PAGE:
We just recently attended the Amherst Train Show in West Springfield, MA and I would say that it was one of the better ones judging from the last few years. For us the attendance and business (sales) was certainly higher than years past. Many other vendors said the same thing. The official attendance figures were 21,534 for a two day show and most of these attended on Saturday.

It’s February already which means all of our well-intended New Year’s resolutions are fading away or forgotten completely. Many of us will be paying off Christmas debts for a long time. Many will still be trying to learn how to use their new upgraded fancy electronic not so smart phones or eye-tablets or whatever gizmos. Some may have their grandkids helping them figure stuff out. Many model railroaders should be adding new stuff to their layout, breaking in (or just breaking) a new locomotive, building some kits, or helping their grand kids enjoy model railroading as a trade-off for them helping with the electronic stuff.

At the Amherst Show and actually throughout the year I converse with many modelers that are in the process of changing to another scale or have changed from a small scale to a larger scale. From this I get many inquiries about our G scale couplers and do they work the same as our HO couplers. My answer to them is all of our couplers function the same regardless of the scale size. I did demo our magnetic uncoupling quite a bit at the show as there were many attendees that were new to the hobby, getting back into the hobby, or changing scales because their eye sight and dexterity are not as good as they once were.

We will be attending the Amherst Train Show on January 25-26 in West Springfield, MA. This show is one of the biggest and is always well attended by modelers, manufacturers, dealers, and individual sellers, historical societies, and clubs. There's something there for everyone even if you're not a model railroader there are operating layouts, sales, displays, and "information" and "how to" clinics. We are in the Better Living Center building booth #39 in the corner by the West entrance. If you have an opportunity we'd recommend attending this show, you won't be disappointed. The only draw back might be the weather and walking around all day. So check the weather, dress appropriately, bring good walking shoes with good traction, and bring some good tote bags to carry all your purchases.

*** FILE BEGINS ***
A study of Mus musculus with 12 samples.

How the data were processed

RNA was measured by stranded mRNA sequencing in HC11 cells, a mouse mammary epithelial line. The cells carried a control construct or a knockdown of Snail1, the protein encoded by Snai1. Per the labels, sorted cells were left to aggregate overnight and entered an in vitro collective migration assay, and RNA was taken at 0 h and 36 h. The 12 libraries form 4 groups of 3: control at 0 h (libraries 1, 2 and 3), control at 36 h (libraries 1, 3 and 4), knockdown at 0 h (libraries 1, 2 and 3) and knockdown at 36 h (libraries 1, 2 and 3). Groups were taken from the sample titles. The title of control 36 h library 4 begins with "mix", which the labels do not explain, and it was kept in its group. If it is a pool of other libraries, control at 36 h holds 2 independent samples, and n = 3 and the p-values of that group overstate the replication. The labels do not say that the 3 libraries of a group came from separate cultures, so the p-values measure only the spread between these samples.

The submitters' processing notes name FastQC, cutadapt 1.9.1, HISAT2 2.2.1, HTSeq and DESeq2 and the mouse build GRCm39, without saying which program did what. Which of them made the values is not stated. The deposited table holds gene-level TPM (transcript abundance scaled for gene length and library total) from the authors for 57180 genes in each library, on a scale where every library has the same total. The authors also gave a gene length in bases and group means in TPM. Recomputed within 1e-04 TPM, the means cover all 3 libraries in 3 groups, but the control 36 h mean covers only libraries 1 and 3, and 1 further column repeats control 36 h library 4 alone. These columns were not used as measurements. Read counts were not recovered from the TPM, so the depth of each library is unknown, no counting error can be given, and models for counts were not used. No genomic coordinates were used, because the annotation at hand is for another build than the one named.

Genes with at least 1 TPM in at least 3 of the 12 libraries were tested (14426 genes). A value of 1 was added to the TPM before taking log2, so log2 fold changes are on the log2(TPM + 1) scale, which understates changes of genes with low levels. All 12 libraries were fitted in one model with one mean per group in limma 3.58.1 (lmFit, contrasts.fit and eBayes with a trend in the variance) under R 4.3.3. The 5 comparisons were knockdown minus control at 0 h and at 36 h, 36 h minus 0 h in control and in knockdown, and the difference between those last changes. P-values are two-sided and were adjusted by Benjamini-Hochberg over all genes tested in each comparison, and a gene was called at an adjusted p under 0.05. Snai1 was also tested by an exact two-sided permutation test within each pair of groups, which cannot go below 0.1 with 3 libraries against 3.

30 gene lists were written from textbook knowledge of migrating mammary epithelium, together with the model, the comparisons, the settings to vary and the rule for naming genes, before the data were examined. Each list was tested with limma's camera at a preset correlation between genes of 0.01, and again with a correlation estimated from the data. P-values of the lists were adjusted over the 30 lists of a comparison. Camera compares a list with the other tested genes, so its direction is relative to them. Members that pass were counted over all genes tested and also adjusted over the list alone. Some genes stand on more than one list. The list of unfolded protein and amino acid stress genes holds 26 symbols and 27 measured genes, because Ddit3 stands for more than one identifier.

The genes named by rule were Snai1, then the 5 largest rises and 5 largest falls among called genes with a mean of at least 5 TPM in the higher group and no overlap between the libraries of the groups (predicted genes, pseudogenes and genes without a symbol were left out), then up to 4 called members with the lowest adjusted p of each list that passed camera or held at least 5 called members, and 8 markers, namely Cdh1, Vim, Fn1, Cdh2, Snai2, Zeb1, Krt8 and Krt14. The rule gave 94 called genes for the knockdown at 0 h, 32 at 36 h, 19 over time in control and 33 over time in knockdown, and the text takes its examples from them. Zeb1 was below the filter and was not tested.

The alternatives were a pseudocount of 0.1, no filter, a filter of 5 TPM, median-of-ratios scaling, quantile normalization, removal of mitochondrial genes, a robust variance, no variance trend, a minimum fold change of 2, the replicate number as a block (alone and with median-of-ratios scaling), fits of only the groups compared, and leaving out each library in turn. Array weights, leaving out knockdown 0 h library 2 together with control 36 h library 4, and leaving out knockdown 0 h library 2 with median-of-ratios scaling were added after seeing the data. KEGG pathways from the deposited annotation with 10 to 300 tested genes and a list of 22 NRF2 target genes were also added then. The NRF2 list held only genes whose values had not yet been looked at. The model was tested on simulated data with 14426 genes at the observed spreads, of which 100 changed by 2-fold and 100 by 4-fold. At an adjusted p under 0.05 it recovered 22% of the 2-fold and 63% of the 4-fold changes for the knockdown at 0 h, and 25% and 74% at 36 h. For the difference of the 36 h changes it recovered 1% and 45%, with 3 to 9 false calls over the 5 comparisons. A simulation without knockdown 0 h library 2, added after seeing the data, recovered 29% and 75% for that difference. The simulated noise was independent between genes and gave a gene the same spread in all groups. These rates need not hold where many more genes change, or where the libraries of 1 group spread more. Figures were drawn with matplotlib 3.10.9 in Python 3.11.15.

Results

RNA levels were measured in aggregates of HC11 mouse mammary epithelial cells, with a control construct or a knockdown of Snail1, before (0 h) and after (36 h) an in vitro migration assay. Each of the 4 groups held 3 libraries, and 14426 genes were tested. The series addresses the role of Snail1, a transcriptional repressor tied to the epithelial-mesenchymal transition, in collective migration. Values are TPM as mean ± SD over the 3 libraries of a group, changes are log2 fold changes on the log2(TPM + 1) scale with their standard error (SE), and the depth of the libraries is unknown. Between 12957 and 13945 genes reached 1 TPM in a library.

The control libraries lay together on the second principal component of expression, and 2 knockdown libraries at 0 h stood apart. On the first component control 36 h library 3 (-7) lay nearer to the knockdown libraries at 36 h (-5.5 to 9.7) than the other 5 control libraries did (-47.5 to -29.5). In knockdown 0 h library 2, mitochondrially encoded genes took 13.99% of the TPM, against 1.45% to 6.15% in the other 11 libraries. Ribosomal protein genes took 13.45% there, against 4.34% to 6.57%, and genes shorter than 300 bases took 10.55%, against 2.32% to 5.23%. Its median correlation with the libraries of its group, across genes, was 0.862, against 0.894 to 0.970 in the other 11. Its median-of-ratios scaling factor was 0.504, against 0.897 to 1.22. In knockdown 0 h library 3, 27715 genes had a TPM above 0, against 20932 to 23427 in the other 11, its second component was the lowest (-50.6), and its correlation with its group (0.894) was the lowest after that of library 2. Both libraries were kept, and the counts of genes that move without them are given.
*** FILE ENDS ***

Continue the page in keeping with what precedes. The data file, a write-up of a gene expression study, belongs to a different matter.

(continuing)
There are a couple things we still get questions about that needs to be revisited.

Track code and wheel code have no relation. Track code is the height of the “rail” and wheel code is the width of the “wheel”. The confusion is when a modeler sees code 100 rail and then sees code 110 wheels and they then think they have to match the track code to the wheel code. Operationally, you can run code 110 wheels on any code of track code 100, 83, 70, and so on. Unfortunately, when the semi scale code 88 wheels became more popular the narrower .088” wide wheels did not operate on all makes of track especially turnouts/switches when the thinner wheels dropped into the gaps and derailed. So if you want to run semi scale code 88 wheels make sure they will run through all of your switches and such.

We do not make metal large scale couplers as the plastic ones we make are quite strong enough for normal large scale operations. Also, the weight difference would cause issues with many large scale coupler mountings.

On30 models made by Bachmann use their HO scale couplers that are too small scale wise for O scale narrow gauge. Standard head HO couplers are about a 7” coupler in O scale rather than a 9” coupler that’s proper for common narrow gauge. Unfortunately Bachmann flooded the On30 market with models equipped with HO couplers. Most of their rolling stock can be converted to proper On3 couplers, like our #803, but their On30 locomotives are almost impossible to convert to On3 couplers. So if you want to mix different makes of On30 models you may have coupler size and mounting height issues.

Now get them grand kids to fetch you a sandwich and a nice bowl of soup so you can relax and watch them operate your layout before you take a nap.